CONTRIBUTORS

Remembering a doctor who shaped medical care in Bangor and the state

Posted Sept. 29, 2013, at 1:22 p.m.
Dr. Hadley Parrot, who worked in the Bangor medical community for more than 50 years, died Aug. 27.
Contributed photo
Dr. Hadley Parrot, who worked in the Bangor medical community for more than 50 years, died Aug. 27.
Dr. Hadley Parrot, who worked in the Bangor medical community for more than 50 years, died Aug. 27.
Contributed photo
Dr. Hadley Parrot, who worked in the Bangor medical community for more than 50 years, died Aug. 27.
Tuberculer shots, sponsored by the Bangor and Brewer TB and Health Association, were given in Hampden schools Monday, to the subprimary, eighth and senior grades. Here Bethany Eillingwood receives her shot from Dr. Hadley Parrot, while Nancy Bartlett awaits her turn in this 1957 file photo.
DANNY MAHER
Tuberculer shots, sponsored by the Bangor and Brewer TB and Health Association, were given in Hampden schools Monday, to the subprimary, eighth and senior grades. Here Bethany Eillingwood receives her shot from Dr. Hadley Parrot, while Nancy Bartlett awaits her turn in this 1957 file photo.

While you may not have noticed the change a couple weeks ago, an important innovator and community leader passed from among us on Aug. 27.

Dr. Hadley Parrot, a pillar of our medical community for more than 50 years, died leaving behind a legacy of programs in our community that we have long come to consider part of our everyday lives.

I would be remiss if I allowed the occasion of his passing to go by without some public acknowledgment of the footprints he leaves behind in our medical landscape.

Dr. Parrot, an internal medicine physician with an interest in cancer treatment, was a leader of Eastern Maine General Hospital’s medical staff in the late 1960s and medical staff president in 1967 and 1968. It was a turbulent time at EMGH, the hospital having experienced several successive years of operating deficits.

Members of the medical staff were expressing concern about the hospital’s ability to support the provision of modern medical care, with Dr. Parrot helping to lead the discussions. The result was a consulting report that recommended a new patient tower with special service line focus, a new medical office building to support physician practices, regional planning with other hospitals to maximize the region’s ability to support care close to home and minimize duplication of efforts, and an expansion of teaching and research programs.

It was essentially EMMC’s first step toward a regional approach to medical care for northern, eastern and central Maine.

Dr. Parrot was appointed chief of medical service in 1973, in time to lead the medical service as the Grant Tower opened, and to preside over tremendous expansion of medical subspecialties at what was now called Eastern Maine Medical Center.

True to his particular interest, Dr. Parrot became EMMC’s first medical oncologist and the first head of the oncology section of the medical staff. Dr. Parrot recognized the importance of EMMC’s fledgling oncology program having strong ties to an academic center. He established an early and personal relationship with Dr. Sidney Farber of the “Jimmy Fund,” now the Dana-Farber Cancer Institute. That close relationship has continued for many years with the physicians of that center and has been of great importance to the cancer program, the medical oncologists of EMMC Cancer Care, and our patients.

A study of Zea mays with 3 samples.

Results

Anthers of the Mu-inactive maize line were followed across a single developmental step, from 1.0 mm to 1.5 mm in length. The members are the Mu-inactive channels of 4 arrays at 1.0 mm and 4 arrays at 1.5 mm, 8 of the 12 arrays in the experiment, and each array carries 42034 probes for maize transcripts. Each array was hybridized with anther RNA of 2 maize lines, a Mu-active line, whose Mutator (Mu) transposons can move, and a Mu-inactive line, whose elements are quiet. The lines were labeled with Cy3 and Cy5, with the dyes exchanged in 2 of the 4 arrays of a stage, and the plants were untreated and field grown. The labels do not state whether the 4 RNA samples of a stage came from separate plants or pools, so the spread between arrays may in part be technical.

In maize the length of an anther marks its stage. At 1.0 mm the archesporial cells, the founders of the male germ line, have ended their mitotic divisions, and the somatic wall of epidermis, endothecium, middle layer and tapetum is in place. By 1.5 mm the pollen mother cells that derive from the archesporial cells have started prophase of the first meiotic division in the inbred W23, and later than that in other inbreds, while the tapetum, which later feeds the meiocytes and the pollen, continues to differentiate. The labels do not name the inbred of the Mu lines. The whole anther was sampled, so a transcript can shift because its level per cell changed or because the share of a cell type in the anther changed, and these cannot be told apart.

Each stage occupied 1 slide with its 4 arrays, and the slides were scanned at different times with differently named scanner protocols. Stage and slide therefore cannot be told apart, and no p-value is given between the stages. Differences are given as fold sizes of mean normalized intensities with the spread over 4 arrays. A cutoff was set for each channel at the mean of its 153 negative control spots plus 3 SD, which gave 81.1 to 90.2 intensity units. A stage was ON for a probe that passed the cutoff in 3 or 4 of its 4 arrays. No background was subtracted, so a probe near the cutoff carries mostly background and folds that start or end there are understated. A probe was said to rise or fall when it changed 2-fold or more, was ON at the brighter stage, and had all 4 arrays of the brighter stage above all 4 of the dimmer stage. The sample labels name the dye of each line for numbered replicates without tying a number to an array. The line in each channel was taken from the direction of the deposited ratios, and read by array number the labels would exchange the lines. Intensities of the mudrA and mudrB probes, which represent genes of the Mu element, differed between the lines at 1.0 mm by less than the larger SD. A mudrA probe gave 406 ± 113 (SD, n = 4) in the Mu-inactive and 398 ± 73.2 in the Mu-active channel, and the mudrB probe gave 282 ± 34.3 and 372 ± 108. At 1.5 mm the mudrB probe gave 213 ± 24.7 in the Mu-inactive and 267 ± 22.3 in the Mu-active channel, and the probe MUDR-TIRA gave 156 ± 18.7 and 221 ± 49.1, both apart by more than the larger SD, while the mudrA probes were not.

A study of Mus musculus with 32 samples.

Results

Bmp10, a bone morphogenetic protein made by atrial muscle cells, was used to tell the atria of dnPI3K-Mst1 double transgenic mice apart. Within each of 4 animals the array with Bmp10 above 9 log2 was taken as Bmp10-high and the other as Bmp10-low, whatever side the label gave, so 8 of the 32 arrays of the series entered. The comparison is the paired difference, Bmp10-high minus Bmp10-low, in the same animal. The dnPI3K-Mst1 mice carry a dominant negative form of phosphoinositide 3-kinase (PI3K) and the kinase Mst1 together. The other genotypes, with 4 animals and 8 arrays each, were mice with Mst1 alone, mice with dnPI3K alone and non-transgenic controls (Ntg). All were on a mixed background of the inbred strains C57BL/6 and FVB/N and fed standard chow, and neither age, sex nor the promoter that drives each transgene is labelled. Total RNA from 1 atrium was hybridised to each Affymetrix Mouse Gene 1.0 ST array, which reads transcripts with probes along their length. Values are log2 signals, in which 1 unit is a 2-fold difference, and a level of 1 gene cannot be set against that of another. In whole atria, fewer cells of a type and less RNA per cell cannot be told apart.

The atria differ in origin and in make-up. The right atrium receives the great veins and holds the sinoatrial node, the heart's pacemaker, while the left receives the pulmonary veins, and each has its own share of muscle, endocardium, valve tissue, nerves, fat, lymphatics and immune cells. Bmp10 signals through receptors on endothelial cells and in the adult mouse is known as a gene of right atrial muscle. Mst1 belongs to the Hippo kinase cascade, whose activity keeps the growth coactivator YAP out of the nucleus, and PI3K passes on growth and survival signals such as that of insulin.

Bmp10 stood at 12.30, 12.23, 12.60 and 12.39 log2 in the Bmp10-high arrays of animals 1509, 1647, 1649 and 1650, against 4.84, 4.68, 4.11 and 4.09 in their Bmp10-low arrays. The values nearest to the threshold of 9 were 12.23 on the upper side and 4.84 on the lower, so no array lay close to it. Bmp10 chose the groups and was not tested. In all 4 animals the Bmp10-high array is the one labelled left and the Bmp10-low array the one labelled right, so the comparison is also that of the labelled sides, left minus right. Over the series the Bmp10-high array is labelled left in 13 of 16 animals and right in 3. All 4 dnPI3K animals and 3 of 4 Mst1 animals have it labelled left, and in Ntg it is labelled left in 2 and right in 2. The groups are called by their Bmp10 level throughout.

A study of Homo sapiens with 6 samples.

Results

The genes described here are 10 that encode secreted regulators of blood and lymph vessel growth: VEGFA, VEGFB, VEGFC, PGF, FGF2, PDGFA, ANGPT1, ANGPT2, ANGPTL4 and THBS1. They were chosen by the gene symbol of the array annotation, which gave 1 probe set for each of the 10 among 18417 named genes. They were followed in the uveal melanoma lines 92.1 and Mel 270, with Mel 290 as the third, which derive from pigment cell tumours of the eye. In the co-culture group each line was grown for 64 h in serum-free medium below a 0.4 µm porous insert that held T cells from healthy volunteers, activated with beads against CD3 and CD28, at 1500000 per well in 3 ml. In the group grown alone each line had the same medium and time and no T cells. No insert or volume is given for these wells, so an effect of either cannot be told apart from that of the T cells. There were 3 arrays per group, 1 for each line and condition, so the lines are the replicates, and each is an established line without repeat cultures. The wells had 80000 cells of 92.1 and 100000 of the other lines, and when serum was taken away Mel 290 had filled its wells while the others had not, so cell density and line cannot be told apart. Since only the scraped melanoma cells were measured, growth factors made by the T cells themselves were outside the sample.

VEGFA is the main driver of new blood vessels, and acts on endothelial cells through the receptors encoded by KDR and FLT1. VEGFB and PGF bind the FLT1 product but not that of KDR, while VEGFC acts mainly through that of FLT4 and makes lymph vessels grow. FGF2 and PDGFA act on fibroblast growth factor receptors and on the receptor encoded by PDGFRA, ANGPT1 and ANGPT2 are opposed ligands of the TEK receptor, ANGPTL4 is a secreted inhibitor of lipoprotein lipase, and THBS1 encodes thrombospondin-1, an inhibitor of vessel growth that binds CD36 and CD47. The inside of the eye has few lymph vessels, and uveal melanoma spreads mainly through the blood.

Dr. Parrot also was responsible for initiating clinical cancer research, which has continued and been of great value to our patients and our program.

In 1981, Dr. Parrot was awarded EMMC’s Distinguished Service Award for his tremendous service and work on behalf of EMMC for the patients of our region. Even as he received this award, he was working with another community group whose efforts resulted in Bangor’s Ronald McDonald House. Opening in 1983, it was the first in Maine and remains only one of two here, providing a homelike place to stay, as well as support for the families of children struggling with serious illness, particularly childhood cancers.

Dr. Parrot was deeply committed to medical education and continuous learning. And the Hadley Parrot Health Science Library, so named in 1986, remains a gathering place and haven for study for those whose vision continues to lead EMMC along the path of improvement that Hadley fostered in another day.

When EMMC cut the ribbon on the new home of Cancer Care in the Lafayette Family Cancer Center building on Whiting Hill in Brewer, Dr. Parrot was there to see it. He was there, as the quintessential expert on oncology at EMMC, to share with a gathered audience some of the finer historic points that culminated in that December day in 2009.

I can only imagine the satisfaction he felt as he walked through this new facility, a comprehensive and nationally recognized program that was not even a twinkle in his eye when he began at EMMC.

So, at EMMC, we will pause on Oct. 1 to remember Hadley and reflect on his influence on what we now consider to be part of daily life in our community — things he imagined and helped make real in the century past.

We thank him for his vision and the brain and muscle he put behind his vision. He has made a difference, and he will be missed.

Deborah Carey Johnson is president and CEO of Eastern Maine Medical Center in Bangor.